What employment sector do you work in?

Public Sector

How long have you had a green job for nature?

5 years

Salary Range

£20,000 – £25,000

Please describe the work that you do. 

As a Ranger, I aim to be a visible presence in the National Park, acting as a first point of contact and as eyes and ears of the NPA (National Park Authority). We hope to increase the understanding of visitors and local people of the natural beauty, biodiversity and cultural heritage of the National Park. We patrol the Park, deliver literature to local businesses, run guided walks and educational activities, carry out species monitoring and lead practical habitat management days with our volunteers. 

What do you most like about your job? Any dislikes? 

I love being able to help people enjoy nature, being able to point out what wildlife is around and how they can get the most out of the National Park and have a memorable and fun experience. Welcoming people that have never been to the area too is so rewarding, being able to share in the joy of the outdoors is really special. I also love how varied the work is – no day is the same. I am able to see how the landscape differs season upon season, so I get to see everything the natural landscape has to offer. I love that I can feel like I’m doing my bit in helping protect these special areas for generations to come 

What inspired you into this career? 

Being able to help protect habitats and wildlife that can’t fight for themselves is really what inspired me at the beginning – knowing you can make a difference to the longevity of the landscape around you. I am also inspired every day by the passion of others – it’s infectious and I feel very fortunate I get to work with such like-minded people. We all want to do our best not only for the wildlife and environment, but we also want to help give people the tools to access these green spaces for mental wellbeing – nature is and always should be for everyone. 

Have you faced any challenges in progressing your career so far? 

I think finding the balance of needing to volunteer to show your dedication to the field but also ensuring you’re able to sustain not earning whilst getting the most out of your opportunity. The sector relies heavily on volunteers but it’s very hard to put unpaid time into something. I was very fortunate that I could live at home for free and work in a local pub to save up pocket money between internships and seasonal roles both abroad and in the UK but I know that’s often not possible – even more so at the moment. It’s a competitive field when applying for roles but I think that’s one of the biggest challenges in moving up the ladder is there’s only so much unpaid work you can sustain.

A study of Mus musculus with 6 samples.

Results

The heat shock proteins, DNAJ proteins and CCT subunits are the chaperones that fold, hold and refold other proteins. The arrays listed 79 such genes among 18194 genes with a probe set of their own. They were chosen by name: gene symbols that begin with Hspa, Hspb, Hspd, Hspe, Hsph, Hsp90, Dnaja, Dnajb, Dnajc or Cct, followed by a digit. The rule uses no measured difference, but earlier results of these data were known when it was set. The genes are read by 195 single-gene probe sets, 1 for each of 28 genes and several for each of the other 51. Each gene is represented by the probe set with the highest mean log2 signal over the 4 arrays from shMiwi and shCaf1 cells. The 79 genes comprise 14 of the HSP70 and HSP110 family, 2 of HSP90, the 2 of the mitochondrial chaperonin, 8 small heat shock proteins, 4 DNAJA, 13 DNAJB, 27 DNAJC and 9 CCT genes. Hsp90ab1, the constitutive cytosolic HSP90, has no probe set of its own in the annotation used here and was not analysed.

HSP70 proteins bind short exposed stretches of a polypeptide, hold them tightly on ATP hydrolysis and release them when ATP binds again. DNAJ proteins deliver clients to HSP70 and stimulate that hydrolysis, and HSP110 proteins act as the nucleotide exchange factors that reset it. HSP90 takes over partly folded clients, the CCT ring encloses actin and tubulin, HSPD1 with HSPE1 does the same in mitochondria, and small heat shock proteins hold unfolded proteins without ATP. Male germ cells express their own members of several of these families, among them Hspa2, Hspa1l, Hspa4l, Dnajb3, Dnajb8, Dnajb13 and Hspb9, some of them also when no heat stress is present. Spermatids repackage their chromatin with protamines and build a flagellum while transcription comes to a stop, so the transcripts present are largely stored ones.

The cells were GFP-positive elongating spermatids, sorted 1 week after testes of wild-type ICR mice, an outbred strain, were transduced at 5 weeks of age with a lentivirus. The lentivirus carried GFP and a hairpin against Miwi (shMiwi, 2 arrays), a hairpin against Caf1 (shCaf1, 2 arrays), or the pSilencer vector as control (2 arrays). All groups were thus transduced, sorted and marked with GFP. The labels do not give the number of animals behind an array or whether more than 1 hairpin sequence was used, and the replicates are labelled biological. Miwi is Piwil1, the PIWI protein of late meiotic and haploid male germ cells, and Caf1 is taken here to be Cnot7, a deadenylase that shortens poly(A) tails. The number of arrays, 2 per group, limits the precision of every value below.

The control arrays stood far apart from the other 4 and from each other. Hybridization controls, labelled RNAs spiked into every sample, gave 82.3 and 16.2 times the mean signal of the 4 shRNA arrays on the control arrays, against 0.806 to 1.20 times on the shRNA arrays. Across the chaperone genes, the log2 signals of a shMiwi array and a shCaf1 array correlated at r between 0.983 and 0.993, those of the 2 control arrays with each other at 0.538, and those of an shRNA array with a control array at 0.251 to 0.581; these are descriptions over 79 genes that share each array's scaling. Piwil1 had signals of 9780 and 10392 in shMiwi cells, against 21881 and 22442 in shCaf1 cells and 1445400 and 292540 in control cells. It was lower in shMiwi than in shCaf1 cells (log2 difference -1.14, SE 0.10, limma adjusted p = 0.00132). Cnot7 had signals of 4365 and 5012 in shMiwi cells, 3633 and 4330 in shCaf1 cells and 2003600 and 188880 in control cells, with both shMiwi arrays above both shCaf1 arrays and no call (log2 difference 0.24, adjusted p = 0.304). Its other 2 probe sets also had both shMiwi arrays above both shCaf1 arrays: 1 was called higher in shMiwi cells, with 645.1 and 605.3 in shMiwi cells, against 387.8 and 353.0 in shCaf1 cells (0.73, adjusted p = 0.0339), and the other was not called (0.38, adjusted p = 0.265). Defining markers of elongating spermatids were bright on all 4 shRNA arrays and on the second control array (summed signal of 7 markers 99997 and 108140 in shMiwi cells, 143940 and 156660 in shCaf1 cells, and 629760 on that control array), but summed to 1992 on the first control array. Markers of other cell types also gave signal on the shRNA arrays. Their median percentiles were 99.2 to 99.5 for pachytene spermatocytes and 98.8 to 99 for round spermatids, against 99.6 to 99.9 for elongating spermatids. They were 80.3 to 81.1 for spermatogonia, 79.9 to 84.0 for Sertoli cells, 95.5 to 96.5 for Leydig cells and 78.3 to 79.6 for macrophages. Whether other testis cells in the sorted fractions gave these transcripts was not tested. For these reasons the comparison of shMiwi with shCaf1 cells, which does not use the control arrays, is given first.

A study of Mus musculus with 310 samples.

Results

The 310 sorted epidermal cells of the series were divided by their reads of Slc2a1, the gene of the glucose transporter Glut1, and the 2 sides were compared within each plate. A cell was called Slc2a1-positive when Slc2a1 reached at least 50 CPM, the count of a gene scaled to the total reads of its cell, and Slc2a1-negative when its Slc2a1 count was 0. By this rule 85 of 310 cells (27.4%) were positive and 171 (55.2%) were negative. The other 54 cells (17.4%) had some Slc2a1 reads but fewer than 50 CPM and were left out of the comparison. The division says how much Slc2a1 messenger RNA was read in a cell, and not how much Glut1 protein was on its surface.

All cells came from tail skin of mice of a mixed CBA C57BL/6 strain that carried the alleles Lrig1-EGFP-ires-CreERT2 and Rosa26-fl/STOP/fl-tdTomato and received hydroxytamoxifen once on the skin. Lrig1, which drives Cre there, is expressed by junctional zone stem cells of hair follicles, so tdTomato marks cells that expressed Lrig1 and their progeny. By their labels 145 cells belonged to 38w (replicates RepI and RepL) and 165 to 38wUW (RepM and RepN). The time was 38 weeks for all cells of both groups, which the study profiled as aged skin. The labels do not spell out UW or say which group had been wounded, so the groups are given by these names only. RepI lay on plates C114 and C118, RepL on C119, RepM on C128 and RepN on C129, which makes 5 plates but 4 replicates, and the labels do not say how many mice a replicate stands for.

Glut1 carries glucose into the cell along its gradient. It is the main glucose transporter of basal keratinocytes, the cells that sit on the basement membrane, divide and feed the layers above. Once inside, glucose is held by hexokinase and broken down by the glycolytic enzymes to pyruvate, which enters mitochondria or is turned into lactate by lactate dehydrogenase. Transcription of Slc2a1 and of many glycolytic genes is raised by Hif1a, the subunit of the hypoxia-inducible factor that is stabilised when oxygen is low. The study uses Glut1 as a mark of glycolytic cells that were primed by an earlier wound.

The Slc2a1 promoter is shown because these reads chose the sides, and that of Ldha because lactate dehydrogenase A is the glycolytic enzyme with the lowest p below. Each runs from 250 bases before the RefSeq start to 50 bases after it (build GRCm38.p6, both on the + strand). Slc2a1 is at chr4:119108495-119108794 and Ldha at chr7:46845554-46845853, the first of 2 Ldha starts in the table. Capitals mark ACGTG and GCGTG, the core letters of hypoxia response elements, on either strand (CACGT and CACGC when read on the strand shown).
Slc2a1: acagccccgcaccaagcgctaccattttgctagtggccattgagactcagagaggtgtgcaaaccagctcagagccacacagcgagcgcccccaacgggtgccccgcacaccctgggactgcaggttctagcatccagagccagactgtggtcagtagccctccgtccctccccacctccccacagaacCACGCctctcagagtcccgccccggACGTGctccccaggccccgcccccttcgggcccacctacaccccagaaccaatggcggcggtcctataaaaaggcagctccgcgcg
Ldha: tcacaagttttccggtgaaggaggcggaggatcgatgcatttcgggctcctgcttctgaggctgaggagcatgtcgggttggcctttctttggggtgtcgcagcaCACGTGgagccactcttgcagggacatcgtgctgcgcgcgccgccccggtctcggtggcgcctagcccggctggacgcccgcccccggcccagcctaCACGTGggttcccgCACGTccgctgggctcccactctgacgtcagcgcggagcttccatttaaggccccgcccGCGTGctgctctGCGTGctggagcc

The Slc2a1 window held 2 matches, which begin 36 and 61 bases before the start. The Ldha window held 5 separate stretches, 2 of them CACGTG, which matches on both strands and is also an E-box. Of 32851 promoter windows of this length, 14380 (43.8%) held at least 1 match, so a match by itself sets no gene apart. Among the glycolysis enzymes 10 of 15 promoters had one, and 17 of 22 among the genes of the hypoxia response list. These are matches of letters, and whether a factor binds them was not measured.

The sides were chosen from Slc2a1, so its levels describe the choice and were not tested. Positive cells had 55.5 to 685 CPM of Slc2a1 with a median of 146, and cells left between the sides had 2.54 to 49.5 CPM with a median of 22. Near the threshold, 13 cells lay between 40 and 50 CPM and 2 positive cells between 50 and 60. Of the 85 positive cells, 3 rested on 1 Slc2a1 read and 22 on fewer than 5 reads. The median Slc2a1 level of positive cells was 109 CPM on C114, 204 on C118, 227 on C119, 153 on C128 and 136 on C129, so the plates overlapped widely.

What education/training did you have? 

I went to college to do A levels and then went on to university as it was what all my friends were doing. After finishing a photography degree, I wasn’t sure what I wanted to do with my life. I moved home and went back to working in the pub I’d always worked at. I saved up to volunteer on a turtle conservation project in the Caribbean. What was meant to be a 6-week trip really opened my eyes and sparked my passion for the environment and conservation. I spent the next 3 years volunteering, interning and eventually gaining paid, seasonal roles on different projects around the world from Malaysia to Ascension Island. 
I got to the point where I needed some formal qualifications and some experience in UK conservation. I needed to earn some money to turn my experience into a career. This is when I secured a 13-month apprenticeship gaining qualifications in chainsaw use, brushcutting and first aid alongside a Level 2 Diploma in Environmental Conservation. On the apprenticeship, I was also working in the field at 5 different placements with partner organisations within the Forest. From Forestry England to the National Trust, Hampshire County Council and the Wildlife Trust. It gave me practical, on the ground experience whilst learning the theory behind habitat management decisions and enabled me to forge working relationships with charities and government organisations that I could potentially work for afterwards. I couldn’t recommend apprenticeships enough, a really crucial learning experience in this sector. 

What advice would you give to someone coming into the profession? 

Listen and be passionate and don’t worry about what you don’t know yet. If you can afford to, volunteer. Even if it’s an afternoon a month, or a litter pick when you can. It all counts to showing your dedication and you don’t know who you’ll meet or who you’ll talk to along the way. It sounds cliché but keep going and don’t give up.